White South Africans, especially the Afrikaners, face perhaps the greatest threat to their existence in centuries on the continent after South African president Jacob Zuma recently came out in support of confiscating white-owned property without compensation.
There are well-founded fears of “genocide” against white South Africans amid reports of surging crime, especially against farmers. And white South Africans face even more race-based laws and regulations than existed under apartheid, driving minority white South Africans out of the economy and forcing many into squalid squatter camps.
Christian missionary Charl van Wyk saw the hate directed against the Christian Afrikaners with his own eyes in 1993 when terrorists burst into St. James Church and killed 11 people. Van Wyk opened fire with his own sidearm, startling the terrorists who expected nothing but unarmed victims, and causing them to flee.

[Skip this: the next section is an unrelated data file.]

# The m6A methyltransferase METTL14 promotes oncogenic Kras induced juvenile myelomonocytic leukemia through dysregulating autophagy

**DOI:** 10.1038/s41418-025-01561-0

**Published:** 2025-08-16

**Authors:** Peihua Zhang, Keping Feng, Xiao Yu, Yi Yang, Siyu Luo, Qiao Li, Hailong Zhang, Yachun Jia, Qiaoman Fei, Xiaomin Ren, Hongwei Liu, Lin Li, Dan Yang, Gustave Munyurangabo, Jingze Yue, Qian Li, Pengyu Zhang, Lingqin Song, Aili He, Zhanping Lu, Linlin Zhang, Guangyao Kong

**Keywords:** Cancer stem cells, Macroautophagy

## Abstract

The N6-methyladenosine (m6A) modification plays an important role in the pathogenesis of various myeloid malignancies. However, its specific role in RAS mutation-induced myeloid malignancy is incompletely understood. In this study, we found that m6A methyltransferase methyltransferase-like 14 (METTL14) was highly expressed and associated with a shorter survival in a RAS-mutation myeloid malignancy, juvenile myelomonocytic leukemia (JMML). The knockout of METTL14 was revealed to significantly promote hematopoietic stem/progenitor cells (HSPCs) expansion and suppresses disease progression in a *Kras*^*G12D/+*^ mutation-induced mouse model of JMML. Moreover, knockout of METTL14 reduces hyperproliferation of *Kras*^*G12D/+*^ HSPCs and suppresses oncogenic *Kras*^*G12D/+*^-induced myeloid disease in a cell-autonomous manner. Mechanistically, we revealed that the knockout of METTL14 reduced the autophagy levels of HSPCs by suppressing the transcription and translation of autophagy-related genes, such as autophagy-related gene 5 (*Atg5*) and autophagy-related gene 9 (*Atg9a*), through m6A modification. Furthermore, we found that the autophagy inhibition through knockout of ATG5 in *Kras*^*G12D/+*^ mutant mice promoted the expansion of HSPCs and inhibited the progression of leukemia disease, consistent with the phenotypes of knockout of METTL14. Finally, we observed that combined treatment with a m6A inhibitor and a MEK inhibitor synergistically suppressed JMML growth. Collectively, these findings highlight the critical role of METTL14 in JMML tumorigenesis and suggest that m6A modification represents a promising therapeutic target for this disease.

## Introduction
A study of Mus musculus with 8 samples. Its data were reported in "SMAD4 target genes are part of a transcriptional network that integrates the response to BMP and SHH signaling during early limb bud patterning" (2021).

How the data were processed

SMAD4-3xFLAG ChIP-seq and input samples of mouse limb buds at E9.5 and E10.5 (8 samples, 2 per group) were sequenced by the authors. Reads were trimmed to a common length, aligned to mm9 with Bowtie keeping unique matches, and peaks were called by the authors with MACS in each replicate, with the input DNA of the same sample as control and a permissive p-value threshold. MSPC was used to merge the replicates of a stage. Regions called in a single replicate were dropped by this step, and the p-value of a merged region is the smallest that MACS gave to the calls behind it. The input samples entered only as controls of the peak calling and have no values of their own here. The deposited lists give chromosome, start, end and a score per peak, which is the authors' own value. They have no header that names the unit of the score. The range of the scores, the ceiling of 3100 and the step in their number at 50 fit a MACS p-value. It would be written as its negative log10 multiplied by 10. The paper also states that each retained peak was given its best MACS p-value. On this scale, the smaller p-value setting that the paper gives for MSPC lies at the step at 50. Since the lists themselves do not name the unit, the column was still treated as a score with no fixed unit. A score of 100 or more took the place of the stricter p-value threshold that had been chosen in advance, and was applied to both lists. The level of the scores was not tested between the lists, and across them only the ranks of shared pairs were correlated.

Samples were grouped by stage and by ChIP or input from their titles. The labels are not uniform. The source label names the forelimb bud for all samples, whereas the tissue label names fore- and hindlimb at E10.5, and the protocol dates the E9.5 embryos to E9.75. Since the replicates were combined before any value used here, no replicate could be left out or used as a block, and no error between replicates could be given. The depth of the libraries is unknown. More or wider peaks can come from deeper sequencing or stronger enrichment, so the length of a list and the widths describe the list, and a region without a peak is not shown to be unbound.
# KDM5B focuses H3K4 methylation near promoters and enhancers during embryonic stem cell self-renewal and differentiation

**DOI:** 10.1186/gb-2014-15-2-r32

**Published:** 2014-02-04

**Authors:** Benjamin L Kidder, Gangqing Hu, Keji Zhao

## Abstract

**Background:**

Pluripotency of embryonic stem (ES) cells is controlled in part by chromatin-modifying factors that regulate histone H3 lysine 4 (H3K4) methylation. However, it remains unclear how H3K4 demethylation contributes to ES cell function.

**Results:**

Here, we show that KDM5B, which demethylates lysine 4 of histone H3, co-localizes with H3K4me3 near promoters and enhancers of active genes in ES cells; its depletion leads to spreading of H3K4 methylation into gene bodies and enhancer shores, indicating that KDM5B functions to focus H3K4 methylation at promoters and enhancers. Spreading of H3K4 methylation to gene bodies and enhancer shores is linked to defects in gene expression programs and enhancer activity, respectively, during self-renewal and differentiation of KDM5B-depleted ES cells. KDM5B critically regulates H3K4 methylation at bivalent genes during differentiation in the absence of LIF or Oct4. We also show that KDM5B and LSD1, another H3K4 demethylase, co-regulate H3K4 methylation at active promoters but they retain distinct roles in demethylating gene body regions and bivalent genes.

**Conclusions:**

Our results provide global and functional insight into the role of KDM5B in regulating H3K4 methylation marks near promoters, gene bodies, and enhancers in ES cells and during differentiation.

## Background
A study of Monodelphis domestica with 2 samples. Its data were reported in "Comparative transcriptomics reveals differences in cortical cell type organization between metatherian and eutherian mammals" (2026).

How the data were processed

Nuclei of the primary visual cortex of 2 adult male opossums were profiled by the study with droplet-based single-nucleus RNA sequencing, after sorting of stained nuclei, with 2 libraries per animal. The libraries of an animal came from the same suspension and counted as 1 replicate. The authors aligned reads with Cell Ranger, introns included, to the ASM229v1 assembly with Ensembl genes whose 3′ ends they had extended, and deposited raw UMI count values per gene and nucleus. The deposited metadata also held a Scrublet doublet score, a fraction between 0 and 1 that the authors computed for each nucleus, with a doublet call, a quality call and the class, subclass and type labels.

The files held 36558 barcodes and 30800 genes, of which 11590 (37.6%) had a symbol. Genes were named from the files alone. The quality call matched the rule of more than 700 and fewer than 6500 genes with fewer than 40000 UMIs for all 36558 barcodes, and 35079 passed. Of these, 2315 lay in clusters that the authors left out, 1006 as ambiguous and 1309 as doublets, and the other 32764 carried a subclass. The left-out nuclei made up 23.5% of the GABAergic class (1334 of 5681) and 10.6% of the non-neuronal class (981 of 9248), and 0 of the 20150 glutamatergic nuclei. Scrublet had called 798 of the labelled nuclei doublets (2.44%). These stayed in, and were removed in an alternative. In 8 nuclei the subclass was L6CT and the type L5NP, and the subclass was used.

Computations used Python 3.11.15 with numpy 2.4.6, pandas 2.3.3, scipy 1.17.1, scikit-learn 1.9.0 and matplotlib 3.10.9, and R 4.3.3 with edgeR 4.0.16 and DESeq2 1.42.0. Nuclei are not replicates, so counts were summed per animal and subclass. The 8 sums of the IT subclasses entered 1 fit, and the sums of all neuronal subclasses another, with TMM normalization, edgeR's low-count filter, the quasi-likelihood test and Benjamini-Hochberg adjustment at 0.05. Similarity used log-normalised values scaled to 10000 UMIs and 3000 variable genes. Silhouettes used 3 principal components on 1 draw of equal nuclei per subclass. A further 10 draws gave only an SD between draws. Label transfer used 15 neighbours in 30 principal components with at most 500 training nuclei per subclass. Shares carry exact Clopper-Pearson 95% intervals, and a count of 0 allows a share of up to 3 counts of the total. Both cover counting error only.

He recounted his experiences in “Shooting Back: The Right and Duty of Self-Defense.”
Now, he is calling for a spiritual awakening among his people, the Afrikaners.
“It was not language or country of origin which primarily dominated Afrikaner identity – for there were Dutch, German and French speakers,” van Wyk said of the Afrikaners. “Nor was it his geographical position, as they were living across the Cape, Orange Free State, the Transvaal Republic and the Republic of Natalia. The Christian faith is what distinguished the Boer. The further the Afrikaner has moved away from his love and relationship with his God of the Bible and focused on land, language and skin color, the more his Christian identity has been eroded. The most important historical attribute of the Boer (Afrikaner) was the fact that he was Christian!”
One of the most important milestones in the history of the Afrikaner people was the Battle of Blood River, a struggle between a few hundred “Voortrekkers,” or pioneers, and between 15,000 to 21,000 Zulus in 1838. Before the battle, the Afrikaners took a vow to God to build a church if He would give them victory. The Voortrekkers won the day and the “Day of the Vow” became a central element of Afrikaner nationalism.